As the city of Los Angeles has become the epicenter of COVID-19 in the United States and the number of cases and deaths continue to rise, the Los Angeles Public Health Department started a Twitter campaign on Thursday to highlight the fact that someone in LA County is dying every ten minutes because of the virus.
The LA Public Health Department is using the hashtag #Every10Minutes, making a powerful and emotional plea for people to stay home on New Year’s Eve. “Slow the spread,” the tweets also read. “Save a life.”
The coronavirus pandemic has infected more than 19.4 million people in the United States and more than 343,000 people have died from COVID-19 complications so far. President-elect Joe Biden said on Tuesday, "Things are going to get worse before they get better.”
On Wednesday, Los Angeles hit the grim milestone of 10,000 confirmed COVID-19 deaths
Los Angeles has specifically been hit hard by COVID-19's latest surge, with the LA Times reporting that hospitals are so overwhelmed they’re turning ambulances away and putting patients in gift shops while they wait for hospital beds to become available.
“No one would believe this is in the United States,” Scott Byington, a critical care nurse at St. Francis Medical Center in Lynwood told the LA Times. “Everyone is doing what they can do. It’s not that anybody is slacking. It’s just that it’s too overwhelming for everyone.”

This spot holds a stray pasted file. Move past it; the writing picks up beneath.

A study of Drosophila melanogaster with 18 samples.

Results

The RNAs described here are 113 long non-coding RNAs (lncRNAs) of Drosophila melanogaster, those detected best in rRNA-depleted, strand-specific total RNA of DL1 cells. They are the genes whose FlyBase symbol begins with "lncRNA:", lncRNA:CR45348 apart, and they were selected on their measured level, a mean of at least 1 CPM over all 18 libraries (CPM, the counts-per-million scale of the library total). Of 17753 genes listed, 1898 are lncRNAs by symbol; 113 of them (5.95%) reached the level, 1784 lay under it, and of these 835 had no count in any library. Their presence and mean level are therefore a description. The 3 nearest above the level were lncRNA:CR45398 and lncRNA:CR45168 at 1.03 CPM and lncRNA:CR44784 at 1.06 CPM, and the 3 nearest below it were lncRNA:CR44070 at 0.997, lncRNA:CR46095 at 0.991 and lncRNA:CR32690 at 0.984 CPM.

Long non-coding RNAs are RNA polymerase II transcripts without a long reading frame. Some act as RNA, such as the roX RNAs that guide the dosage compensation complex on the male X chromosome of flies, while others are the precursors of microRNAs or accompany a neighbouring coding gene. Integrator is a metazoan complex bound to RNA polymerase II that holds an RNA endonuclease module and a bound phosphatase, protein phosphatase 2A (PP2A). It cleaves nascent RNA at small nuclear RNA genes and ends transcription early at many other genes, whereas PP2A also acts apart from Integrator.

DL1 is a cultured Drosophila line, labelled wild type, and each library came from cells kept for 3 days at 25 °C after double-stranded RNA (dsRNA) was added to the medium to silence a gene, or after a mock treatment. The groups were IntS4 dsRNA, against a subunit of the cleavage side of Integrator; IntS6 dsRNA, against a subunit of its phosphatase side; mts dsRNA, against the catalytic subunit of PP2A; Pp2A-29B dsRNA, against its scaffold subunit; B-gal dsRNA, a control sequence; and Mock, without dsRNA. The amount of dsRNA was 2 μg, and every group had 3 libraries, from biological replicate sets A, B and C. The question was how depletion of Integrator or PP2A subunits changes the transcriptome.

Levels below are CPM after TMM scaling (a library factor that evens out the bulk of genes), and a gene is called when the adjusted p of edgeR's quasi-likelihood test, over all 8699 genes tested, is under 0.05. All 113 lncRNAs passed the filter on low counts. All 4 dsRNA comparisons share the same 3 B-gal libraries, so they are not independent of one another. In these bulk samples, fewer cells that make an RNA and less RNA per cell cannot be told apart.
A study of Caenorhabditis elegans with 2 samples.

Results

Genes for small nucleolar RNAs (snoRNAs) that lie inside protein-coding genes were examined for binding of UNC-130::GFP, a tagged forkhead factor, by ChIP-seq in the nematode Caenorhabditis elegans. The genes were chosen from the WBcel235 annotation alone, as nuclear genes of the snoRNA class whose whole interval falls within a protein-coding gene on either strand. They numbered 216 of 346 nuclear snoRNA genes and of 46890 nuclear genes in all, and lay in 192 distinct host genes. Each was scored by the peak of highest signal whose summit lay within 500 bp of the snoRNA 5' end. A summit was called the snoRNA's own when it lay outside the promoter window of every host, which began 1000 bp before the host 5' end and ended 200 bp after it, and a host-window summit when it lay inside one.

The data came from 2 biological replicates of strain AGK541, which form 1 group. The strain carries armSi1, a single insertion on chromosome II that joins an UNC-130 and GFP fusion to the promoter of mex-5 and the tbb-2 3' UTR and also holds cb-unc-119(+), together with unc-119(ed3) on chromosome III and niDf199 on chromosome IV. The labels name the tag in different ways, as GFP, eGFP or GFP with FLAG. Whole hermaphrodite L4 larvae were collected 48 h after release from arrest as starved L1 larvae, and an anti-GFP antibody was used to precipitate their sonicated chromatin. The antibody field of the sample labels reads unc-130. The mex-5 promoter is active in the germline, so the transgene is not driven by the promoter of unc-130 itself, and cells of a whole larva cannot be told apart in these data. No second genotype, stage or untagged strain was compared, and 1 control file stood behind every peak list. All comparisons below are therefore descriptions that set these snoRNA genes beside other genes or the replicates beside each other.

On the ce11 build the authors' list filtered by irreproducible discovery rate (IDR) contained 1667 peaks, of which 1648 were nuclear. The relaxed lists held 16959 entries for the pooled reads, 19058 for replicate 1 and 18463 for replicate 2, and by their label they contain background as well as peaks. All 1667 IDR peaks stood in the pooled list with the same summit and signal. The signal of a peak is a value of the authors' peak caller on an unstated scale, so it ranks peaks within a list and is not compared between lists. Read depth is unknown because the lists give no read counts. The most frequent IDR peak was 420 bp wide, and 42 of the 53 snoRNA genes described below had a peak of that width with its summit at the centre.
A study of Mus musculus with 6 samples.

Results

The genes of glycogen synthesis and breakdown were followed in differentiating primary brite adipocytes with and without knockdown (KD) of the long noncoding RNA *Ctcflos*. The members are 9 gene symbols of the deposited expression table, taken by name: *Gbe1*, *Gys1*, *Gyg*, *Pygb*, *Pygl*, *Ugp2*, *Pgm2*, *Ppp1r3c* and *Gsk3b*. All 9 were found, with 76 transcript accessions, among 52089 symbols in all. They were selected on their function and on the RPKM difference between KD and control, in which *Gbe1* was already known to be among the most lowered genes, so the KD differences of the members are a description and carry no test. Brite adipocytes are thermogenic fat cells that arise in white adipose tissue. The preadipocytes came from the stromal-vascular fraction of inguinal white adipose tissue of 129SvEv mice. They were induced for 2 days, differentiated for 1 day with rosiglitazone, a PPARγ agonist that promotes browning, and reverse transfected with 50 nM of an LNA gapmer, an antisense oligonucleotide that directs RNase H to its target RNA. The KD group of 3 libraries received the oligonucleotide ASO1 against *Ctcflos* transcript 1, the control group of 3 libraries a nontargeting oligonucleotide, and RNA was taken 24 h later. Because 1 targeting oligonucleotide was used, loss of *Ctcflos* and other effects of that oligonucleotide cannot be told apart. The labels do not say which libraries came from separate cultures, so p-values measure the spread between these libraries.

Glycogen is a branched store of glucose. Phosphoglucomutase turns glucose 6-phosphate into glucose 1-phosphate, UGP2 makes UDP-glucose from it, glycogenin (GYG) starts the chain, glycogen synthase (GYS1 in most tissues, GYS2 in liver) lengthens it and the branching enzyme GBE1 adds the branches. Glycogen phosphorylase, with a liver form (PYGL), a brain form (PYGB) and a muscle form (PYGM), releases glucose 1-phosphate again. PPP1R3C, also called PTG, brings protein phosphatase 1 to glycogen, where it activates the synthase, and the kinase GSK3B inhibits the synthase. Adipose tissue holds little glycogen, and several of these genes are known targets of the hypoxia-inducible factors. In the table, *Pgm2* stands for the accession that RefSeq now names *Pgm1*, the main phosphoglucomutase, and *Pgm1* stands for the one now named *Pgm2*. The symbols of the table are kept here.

California's health and human services secretary Mark Ghaly said in a press briefing on Tuesday that LA is “stretching many of our hospitals pretty far.”
"But we know that that stretch has a limit before it breaks, before we push them into a situation where they're making the kind of decisions about resources and staff that I just walked through,” Ghaly said.
The LA Public Health Department didn’t immediately respond to BuzzFeed News’ request for comment. Their Twitter account is continuing to share descriptions of real people who are behind the COVID deaths happening in the county.
“A ride-share driver that had water and gum in the back seat.”
“A friend you haven't talked to since middle school.”
“An abuelita who always tried to feed her grandchildren, even when they said they weren't hungry.”
Each tweet also includes the plea to, "stay home tonight. Slow the spread. Save a life."
I find that the harder I work, the more luck I seem to have.